Government Backs Away From Young Driver Safety Plan
New Drivers Not To Be Restricted
A Government plan to improve road safety by restricting the movements of young motorists has been put on hold, BBC Newsbeat has reported. Proposals under consideration – that could have been implemented based on the findings of a Transport Research Laboratory report - included issuing newly qualified youngsters with a probationary licence, rather than the full. This could have prevented them using the roads between (say) 10PM and 5AM unless accompanied by somebody aged thirty or higher. During the probationary period motorists might have sported “p” plates to indicate a lack of experience. This, of course, would have warned fellow road users to expect the unexpected. Furthermore, new drivers could have been subject to a lower drink-drive limit, been banned from using hands-free mobiles and required to have motorway lessons. As things stand, learners are not allowed on motorways even if accompanied by an instructor with dual controls. It was also suggested that learners should have a compulsory one-hundred and twenty hours tuition before the test, including twenty hours in darkness. There is currently no minimum. Such proposals were considered as young drivers account for a disproportionate number of road casualties – and they might have addressed this issue. On this basis, the Institute of Advanced Motorists safety charity claimed it is 'disappointed' and the authorities have 'copped out'.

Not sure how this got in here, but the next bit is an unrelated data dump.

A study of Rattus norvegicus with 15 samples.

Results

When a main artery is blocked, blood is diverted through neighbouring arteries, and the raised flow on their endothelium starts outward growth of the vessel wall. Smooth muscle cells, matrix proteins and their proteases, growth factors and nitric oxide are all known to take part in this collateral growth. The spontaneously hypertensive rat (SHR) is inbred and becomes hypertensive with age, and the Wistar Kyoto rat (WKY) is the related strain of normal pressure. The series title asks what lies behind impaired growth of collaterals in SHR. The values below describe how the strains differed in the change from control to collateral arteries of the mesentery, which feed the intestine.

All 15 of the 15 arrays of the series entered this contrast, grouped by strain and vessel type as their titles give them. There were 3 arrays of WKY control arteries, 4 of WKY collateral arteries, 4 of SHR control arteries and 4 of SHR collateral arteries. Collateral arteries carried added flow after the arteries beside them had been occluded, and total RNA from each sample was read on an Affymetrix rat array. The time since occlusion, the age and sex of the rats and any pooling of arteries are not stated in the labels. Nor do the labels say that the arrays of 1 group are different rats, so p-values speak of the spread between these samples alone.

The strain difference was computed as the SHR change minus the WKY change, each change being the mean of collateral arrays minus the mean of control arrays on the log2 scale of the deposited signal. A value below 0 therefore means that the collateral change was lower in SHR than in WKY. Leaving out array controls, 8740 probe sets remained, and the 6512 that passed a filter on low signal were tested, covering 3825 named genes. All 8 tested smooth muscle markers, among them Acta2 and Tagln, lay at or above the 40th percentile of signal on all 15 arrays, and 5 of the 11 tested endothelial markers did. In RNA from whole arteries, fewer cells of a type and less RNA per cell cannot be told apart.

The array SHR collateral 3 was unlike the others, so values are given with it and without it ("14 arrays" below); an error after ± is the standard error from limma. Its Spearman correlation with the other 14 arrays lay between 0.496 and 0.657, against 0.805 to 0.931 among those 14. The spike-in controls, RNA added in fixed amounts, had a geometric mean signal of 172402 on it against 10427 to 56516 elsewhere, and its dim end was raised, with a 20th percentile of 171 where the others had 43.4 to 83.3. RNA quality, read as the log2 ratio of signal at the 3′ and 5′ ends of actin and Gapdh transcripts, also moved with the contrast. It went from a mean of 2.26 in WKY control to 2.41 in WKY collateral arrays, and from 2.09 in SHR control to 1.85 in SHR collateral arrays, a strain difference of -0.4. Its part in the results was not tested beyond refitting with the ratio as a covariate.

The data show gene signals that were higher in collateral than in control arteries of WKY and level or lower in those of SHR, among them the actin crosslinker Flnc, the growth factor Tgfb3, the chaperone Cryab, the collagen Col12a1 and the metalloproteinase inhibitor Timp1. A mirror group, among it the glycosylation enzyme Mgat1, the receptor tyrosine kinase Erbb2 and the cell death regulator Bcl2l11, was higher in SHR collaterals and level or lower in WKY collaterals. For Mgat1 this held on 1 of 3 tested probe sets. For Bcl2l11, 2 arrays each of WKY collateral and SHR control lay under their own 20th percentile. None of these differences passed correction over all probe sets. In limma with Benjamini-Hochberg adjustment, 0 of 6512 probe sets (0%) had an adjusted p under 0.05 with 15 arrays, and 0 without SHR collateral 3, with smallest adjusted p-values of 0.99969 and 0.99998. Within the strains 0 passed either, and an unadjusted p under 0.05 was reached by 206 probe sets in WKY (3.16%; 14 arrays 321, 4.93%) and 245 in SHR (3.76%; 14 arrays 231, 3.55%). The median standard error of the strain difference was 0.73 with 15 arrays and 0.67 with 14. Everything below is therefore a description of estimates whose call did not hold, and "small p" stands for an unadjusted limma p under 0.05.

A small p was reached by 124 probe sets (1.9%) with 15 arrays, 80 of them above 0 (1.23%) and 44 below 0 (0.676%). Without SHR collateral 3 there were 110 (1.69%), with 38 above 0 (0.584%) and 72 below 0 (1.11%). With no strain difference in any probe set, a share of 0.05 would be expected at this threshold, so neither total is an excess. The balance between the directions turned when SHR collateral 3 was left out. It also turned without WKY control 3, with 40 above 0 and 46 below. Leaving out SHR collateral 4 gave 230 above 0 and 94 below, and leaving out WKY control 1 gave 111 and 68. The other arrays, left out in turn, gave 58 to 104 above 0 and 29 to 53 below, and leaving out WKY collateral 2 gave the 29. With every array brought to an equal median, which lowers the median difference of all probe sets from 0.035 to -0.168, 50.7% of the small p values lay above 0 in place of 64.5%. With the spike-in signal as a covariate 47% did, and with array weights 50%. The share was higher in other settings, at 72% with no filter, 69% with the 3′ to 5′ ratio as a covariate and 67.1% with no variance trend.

Proposals Might Have Caused Problems For Young Drivers
The Government backed away from the rules changes as they could have caused problems for youngsters – a large proportion of which drive responsibly and legally. The main concern is that they could have restricted employment opportunities. Consider, for example, youngsters that work in pubs/clubs/factories at unsocial hours. The 10PM to 5AM curfew could have forced them out of these industries if public transport is not available. This is a particular concern in rural areas. Furthermore, there is little merit in having laws that cannot be enforced. Would the police really stop every car that has a young looking driver and ask for proof of age? On this basis, a Department for Transport spokesman said: 'The safety of young people on our roads is very important to us - too many young people die, too often. We are wrestling with how to make things safer, while not unduly restricting the freedom of our young people. We want young people to be able to get to work and training, to education and to leisure activities and we want them to do so safely. We are finding this a difficult balance, with passionate voices on both sides'.